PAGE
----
Walking the walk on ESG

The annual Investor Relations Society conference took place last week in London. I find this a useful barometer of opinion on the issues facing companies in getting their story out to the wider financial community.

This year there were several sessions focusing on best practice, including thoughts from investors, sellside analysts and Investor Relations Officers. What was perhaps surprising was that the most impactful panel, on “Driving value through ESG”, was at the end of the day,  not the beginning.

I wrote a blog last summer on ESG. I concluded that the publication of the revised guidance from the UK Financial Reporting Council on the Strategic Statement in the annual report would be a catalyst which would move ESG reporting from a box-ticking exercise to a fundamental part of the investment decision by large institutional investors.  On this front, it is early days, as the guidance only applies to accounting periods starting in January this year.

However, what struck me from the debate at the IRS conference was that the dynamic within investment houses is really starting to change. Every fund manager of any size has been talking the talk on ESG issues for a while, but it has been questionable how many have been walking the walk. I am now getting the sense that the ESG department, historically very separate from the real money managers, often tucked away at the back of the office, is gradually being integrated into the mainstream.

And this is starting to have an impact on corporate behaviour. No longer is it just good enough to “meet the analysts’ numbers” but a company needs to show that it is achieving this in the right way. I can see this being increasingly reflected in results presentations, as companies need to justify their behaviour on these softer issues. And corporate capital market events, which address longer-term strategy, are starting to focus here too. Look at Tesco, which has scheduled an investor day this week just to address its ESG credentials.

One of the fund managers at the IRS conference admitted that they were “in the middle of a journey”, and I would see corporates having to commit much more time and effort to their own ESG journey. And it is unlikely to be easy.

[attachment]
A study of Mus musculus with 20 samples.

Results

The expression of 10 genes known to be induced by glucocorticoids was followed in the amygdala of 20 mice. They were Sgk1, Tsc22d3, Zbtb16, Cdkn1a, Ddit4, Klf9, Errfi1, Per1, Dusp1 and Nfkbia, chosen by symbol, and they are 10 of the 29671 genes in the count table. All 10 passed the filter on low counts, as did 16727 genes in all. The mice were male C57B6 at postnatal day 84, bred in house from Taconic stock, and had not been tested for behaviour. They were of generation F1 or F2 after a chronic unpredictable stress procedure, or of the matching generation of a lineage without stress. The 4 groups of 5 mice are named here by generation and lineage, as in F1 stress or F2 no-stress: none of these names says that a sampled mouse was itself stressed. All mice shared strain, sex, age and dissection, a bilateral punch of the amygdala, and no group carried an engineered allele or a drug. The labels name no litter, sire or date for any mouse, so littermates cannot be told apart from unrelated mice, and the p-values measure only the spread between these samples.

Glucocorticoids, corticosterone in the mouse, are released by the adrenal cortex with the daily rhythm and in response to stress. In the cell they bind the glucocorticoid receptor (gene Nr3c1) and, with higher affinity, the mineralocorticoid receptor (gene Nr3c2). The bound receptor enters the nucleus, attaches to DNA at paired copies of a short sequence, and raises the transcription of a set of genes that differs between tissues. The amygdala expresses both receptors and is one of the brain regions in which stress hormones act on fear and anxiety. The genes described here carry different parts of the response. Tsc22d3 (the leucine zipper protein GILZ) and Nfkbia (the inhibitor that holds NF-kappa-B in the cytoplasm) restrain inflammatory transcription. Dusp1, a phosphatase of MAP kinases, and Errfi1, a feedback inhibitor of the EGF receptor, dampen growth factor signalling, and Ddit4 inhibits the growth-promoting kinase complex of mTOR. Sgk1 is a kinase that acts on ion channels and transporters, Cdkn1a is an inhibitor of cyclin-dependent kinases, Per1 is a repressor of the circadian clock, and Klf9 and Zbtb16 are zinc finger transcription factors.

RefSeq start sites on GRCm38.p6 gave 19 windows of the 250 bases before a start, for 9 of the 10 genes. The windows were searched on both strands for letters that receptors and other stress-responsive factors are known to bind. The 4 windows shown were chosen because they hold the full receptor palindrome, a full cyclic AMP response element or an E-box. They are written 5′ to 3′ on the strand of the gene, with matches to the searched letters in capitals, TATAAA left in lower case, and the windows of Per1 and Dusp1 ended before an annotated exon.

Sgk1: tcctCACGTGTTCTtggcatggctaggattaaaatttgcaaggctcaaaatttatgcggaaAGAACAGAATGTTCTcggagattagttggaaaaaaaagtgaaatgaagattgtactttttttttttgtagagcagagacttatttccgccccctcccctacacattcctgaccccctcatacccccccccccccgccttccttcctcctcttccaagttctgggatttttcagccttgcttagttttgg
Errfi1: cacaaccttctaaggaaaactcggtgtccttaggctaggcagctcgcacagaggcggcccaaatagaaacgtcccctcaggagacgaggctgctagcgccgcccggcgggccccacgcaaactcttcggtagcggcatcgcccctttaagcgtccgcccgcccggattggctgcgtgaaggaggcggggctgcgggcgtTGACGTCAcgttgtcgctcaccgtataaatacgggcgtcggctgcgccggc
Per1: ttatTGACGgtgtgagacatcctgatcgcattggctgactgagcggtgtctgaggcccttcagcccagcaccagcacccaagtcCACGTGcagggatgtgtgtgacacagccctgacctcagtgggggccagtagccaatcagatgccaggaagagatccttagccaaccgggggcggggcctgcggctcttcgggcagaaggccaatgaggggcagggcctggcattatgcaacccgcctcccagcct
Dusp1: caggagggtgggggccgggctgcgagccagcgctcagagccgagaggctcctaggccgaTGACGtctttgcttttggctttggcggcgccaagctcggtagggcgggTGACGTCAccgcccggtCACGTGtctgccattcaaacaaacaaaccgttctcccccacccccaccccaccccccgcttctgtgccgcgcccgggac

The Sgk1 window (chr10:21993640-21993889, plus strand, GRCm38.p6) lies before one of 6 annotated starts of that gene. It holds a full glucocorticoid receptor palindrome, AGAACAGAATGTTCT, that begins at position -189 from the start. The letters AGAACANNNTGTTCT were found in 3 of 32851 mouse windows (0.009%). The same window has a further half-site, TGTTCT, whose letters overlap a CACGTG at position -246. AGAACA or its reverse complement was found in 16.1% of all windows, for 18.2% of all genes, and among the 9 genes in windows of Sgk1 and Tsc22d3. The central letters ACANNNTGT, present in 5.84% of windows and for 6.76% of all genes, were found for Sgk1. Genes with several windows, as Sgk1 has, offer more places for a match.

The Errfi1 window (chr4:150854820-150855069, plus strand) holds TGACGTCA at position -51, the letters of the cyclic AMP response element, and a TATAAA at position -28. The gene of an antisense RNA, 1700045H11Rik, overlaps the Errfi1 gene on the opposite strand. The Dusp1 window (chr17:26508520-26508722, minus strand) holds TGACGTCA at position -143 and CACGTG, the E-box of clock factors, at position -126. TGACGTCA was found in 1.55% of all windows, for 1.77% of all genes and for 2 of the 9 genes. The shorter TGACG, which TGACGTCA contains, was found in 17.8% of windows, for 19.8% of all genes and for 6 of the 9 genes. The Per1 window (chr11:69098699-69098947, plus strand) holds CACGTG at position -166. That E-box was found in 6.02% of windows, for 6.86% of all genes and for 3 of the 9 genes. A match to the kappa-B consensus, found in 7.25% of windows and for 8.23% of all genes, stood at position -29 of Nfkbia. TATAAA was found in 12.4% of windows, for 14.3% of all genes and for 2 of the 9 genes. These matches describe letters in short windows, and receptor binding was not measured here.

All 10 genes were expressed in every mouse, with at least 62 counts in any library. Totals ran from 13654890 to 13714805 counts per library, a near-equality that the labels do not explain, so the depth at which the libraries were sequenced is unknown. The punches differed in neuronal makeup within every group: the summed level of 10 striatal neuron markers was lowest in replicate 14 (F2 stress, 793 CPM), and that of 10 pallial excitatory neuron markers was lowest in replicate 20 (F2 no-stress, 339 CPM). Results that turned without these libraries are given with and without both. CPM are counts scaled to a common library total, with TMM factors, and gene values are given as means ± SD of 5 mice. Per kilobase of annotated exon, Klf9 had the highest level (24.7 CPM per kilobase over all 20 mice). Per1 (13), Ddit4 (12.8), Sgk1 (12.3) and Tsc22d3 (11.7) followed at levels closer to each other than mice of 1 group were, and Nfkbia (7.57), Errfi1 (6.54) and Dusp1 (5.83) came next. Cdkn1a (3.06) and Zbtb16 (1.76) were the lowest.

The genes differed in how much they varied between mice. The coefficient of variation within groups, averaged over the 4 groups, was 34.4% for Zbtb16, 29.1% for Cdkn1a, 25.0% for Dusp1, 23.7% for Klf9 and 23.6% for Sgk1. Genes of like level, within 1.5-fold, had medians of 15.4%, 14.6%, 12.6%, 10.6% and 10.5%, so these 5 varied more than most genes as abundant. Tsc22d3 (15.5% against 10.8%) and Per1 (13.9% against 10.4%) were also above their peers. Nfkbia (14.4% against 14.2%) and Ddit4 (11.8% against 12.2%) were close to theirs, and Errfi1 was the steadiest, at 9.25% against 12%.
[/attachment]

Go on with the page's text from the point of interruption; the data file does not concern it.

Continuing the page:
Firstly, meeting analysts’ EPS estimates can look quite straight-forward when there is reasonable consistency on accounting standards. When it comes to reported results, the financial community and companies  are speaking the same language. Performing well in ESG is much more subjective, with, I am told, over 200 agencies setting different standards for corporates. “Which of these 200+ questionnaires do I need to fill in?” is the common complaint I hear from Investor Relations Officers.

Secondly, sellside analysts, who have traditionally advised investors,  tend to be industry experts, and tailor their commentary accordingly. They would not value a high-growth international tech business in the same way as  a value-based UK industrial manufacturer. There is a risk that ESG assessment, similar to the proxy rating agencies in corporate governance, adopt a “one size fits all” approach across industries, leading to justified criticism from corporates that “they do not understand my business”.

As an ex-sellside analyst myself, I confess to having spent very little time on these so-called softer issues in the past. I am seeing some evolution here, with, e.g., Barclays setting up a “Sustainable and Thematic Investing” team within its equity research department. However, there are few signs of this being integrated into the mainstream of  sector analysts issuing Buy and Sell ratings. This certainly needs to change if these analysts are to remain relevant for their investor clients. Perhaps they need to accept that a company with good ESG credentials deserves a higher valuation than a company with a lower score? Investors certainly seem to be moving in that direction.

What I am sure about is that the subject of ESG will move higher up the agenda for the next Investor Relations Society conference, and any company, which does not pay much more attention to this area, risks losing relevance with institutional investors.